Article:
Where does Pippen really stand? A multiyear contract offer from the Bulls would probably keep him in Chicago. Despite his animosity toward the front office, Pippen seems to want to stay with the team, which is understandable. "When you've given your blood, sweat and tears to a franchise, it can't be easy to leave," says Chicago guard Steve Kerr. Pippen has done that, and Game was a case in point. Suffering from a sore lower back as a result of taking charges in Game 3, Pippen received a cortisone shot last Saturday but still found himself in extreme pain during the first half on Sunday night. A dunk early in the game aggravated his injury, leading to spasms in his back and right leg, and after wincing each time he went up and down the court for seven minutes, he was forced to go to the locker room for treatment.
Pippen was in such pain that he couldn't lift his leg onto the training table in the locker room, and several members of the Bulls medical staff worked on him furiously during halftime, including massage therapist Brigitta Kintala, who pounded on his lower back until he felt well enough to start the second half. "We knew Scottie was hurting, and just his presence gave us a lift, offensively, defensively and emotionally," Jordan said.
Pippen wants to continue playing next to Jordan, and would probably say so more definitively if he weren't worried about weakening his bargaining position. His agent Jimmy Sexton says Pippen would not return without at least a three-year deal, but that merely may be a place to begin negotiations. A two-year contract for an average of roughly $10 million per year might very well be enough to convince Pippen (who this season earned a relatively paltry $2.8 million) to re-sign.
Jackson's situation is more complicated. A source close to him describes the Chicago coach as "a physical and emotional wreck," and says there is no chance that he will return for another season. Jackson has hip problems that will eventually require surgery, and his nine seasons as coach have been a drain on him and his family. He is more likely to take a year off than he is to return to the Bulls or to coach another team, though the Denver Nuggets, the Los Angeles Clippers and the Seattle SuperSonics will surely take a run at him. "I know what I feel like right now," he said the day before Game 5. "I feel I'd like to get away from the game for a while and step back and enjoy reflecting on this."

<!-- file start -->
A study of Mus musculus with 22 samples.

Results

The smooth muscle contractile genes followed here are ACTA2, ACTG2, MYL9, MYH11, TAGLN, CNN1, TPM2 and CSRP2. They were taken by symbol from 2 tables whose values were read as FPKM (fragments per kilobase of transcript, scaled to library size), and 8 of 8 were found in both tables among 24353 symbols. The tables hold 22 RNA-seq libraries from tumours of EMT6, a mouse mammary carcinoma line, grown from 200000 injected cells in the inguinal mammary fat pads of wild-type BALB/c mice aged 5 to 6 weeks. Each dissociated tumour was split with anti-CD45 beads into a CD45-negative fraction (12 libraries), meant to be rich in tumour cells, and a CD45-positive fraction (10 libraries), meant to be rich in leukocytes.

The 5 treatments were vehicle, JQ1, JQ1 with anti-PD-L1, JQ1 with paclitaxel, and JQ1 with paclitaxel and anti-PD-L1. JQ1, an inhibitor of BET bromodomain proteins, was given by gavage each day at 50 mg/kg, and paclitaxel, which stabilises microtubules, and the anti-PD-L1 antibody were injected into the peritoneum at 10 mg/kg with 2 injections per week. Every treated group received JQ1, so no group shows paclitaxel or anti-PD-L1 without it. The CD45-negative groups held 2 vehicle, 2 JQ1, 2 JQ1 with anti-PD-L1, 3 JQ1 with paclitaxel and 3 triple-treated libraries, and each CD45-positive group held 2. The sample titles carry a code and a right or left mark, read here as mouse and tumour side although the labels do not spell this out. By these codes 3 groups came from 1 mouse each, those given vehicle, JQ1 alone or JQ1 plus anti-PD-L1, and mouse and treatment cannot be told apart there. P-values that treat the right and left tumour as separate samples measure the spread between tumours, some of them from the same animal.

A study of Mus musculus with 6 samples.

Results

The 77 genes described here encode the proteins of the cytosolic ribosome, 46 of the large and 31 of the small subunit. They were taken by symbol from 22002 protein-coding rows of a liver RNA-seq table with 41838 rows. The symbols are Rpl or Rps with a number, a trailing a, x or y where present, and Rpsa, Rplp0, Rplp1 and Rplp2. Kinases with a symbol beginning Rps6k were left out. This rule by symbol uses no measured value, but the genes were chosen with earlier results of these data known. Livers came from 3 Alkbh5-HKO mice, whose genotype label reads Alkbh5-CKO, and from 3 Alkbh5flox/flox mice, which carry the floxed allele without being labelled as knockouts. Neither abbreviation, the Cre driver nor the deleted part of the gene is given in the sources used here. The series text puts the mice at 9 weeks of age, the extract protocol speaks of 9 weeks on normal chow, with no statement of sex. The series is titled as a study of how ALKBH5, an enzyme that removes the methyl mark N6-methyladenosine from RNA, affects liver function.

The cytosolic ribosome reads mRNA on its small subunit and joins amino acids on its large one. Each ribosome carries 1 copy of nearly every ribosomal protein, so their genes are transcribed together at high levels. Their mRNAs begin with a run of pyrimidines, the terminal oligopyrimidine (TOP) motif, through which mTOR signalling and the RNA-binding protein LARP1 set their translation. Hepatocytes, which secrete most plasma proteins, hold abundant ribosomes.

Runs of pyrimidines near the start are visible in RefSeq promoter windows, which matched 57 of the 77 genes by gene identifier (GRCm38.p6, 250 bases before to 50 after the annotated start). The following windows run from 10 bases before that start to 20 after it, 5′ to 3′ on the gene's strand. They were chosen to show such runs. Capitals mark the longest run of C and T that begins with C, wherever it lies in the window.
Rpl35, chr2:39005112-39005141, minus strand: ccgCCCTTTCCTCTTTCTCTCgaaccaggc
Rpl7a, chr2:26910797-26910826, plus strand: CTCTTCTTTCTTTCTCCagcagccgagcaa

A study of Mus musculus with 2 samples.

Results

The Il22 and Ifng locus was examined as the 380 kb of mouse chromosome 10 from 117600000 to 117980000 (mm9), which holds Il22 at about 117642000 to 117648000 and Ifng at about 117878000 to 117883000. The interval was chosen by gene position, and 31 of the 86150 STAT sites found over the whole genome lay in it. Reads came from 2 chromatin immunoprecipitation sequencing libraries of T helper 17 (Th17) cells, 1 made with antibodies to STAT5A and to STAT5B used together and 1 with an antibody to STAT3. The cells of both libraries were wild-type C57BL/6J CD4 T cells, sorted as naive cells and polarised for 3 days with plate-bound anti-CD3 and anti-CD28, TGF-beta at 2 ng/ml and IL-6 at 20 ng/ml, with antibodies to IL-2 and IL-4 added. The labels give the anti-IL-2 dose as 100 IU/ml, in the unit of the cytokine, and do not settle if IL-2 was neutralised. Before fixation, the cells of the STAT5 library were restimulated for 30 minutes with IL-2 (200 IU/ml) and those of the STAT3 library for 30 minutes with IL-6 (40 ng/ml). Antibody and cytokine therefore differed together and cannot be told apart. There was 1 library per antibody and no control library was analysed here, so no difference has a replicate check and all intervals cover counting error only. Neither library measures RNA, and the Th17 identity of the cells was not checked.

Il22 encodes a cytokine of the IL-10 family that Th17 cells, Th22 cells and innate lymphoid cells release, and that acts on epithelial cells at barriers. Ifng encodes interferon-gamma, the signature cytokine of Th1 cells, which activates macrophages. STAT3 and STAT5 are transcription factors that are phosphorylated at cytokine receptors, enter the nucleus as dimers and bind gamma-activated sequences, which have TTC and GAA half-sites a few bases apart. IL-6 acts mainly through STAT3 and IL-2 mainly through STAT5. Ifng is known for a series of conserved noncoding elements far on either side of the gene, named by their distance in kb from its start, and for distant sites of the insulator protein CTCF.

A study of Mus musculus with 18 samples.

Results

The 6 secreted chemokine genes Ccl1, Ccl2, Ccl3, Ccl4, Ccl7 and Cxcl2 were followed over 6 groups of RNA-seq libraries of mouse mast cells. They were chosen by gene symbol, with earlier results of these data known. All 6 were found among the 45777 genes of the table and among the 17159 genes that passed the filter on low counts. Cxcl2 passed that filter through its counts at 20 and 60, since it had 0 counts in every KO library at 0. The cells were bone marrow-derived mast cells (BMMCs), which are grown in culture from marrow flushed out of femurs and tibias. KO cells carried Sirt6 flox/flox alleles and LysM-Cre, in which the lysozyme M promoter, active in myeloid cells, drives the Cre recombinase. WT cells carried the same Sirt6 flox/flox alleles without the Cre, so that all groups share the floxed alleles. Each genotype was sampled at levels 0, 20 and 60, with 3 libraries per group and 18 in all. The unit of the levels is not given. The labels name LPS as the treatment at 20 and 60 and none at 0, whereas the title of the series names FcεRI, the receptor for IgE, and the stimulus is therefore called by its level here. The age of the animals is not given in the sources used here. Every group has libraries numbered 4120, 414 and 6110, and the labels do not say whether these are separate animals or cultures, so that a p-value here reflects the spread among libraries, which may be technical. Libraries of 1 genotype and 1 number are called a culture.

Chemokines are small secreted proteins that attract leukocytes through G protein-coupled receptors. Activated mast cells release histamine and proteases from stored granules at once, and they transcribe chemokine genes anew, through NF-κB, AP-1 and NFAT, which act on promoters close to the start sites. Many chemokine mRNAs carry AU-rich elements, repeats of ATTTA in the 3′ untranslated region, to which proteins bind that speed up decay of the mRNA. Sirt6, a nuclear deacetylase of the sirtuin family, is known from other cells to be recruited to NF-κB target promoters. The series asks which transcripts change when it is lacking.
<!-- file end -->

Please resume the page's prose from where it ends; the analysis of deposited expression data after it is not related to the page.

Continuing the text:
Jordan, meanwhile, has distanced himself from his early-season declaration that he wouldn't play for any coach but Jackson. It now appears that if Pippen returns, Jordan will, too, regardless of Jackson's decision. Jackson's family and friends will no doubt urge him to stick to his plan not to return to Chicago. They will try to convince him that he doesn't need another year of strained relations with Krause or of bizarre behavior by Rodman. But if Pippen and Jordan commit to returning, Jackson will surely be tempted to do the same.
Ironically, Rodman's chances of coming back to the Bulls may be more closely tied to Jackson's than Jordan's are. Some members of the Chicago organization feel it would be a major risk to bring the Wrestlemaniac back under any coach other than Jackson, who seems to have found the perfect bemused approach to dealing with Rodman's antics. When Rodman skipped practice on June 8 and appeared at a pro wrestling event at the Palace of Auburn Hills, Mich., that night, Jackson barely batted an eyelash. Two nights later at the United Center, Rodman contributed four crucial free throws and outstanding defense against Malone that propelled the Bulls to an 86-82 victory that gave them a 3-1 series lead.
Then came a slight stumble as Chicago, victimized by Malone's heroic 39-point performance, dropped Game 5 at home 83-81. Two nights later Jordan carried the Bulls to the tide in Game 6. Make no mistake, Jordan won the championship for Chicago. He had very little help on Sunday—Kukoc, who scored 15 points, was the only other Bull in double figures—and had he been even a touch less brilliant, Chicago would have faced the frightening prospect of a seventh game on Utah's home floor, with Pippen still at less than full effectiveness. Jordan rescued the Bulls, and now he asks only one thing: that enough of the team be kept intact for him to keep playing with a reasonable chance to successfully defend the title.
He may well get his wish. Despite Sunday night's nostalgic mood, there is still a strong possibility that these Bulls have a future together. As they celebrated on the bus after the game, with Jordan and Pippen sitting side by side, laughing and smoking stogies, it didn't feel as if the last dance was over. If you listened closely, you could still hear music playing.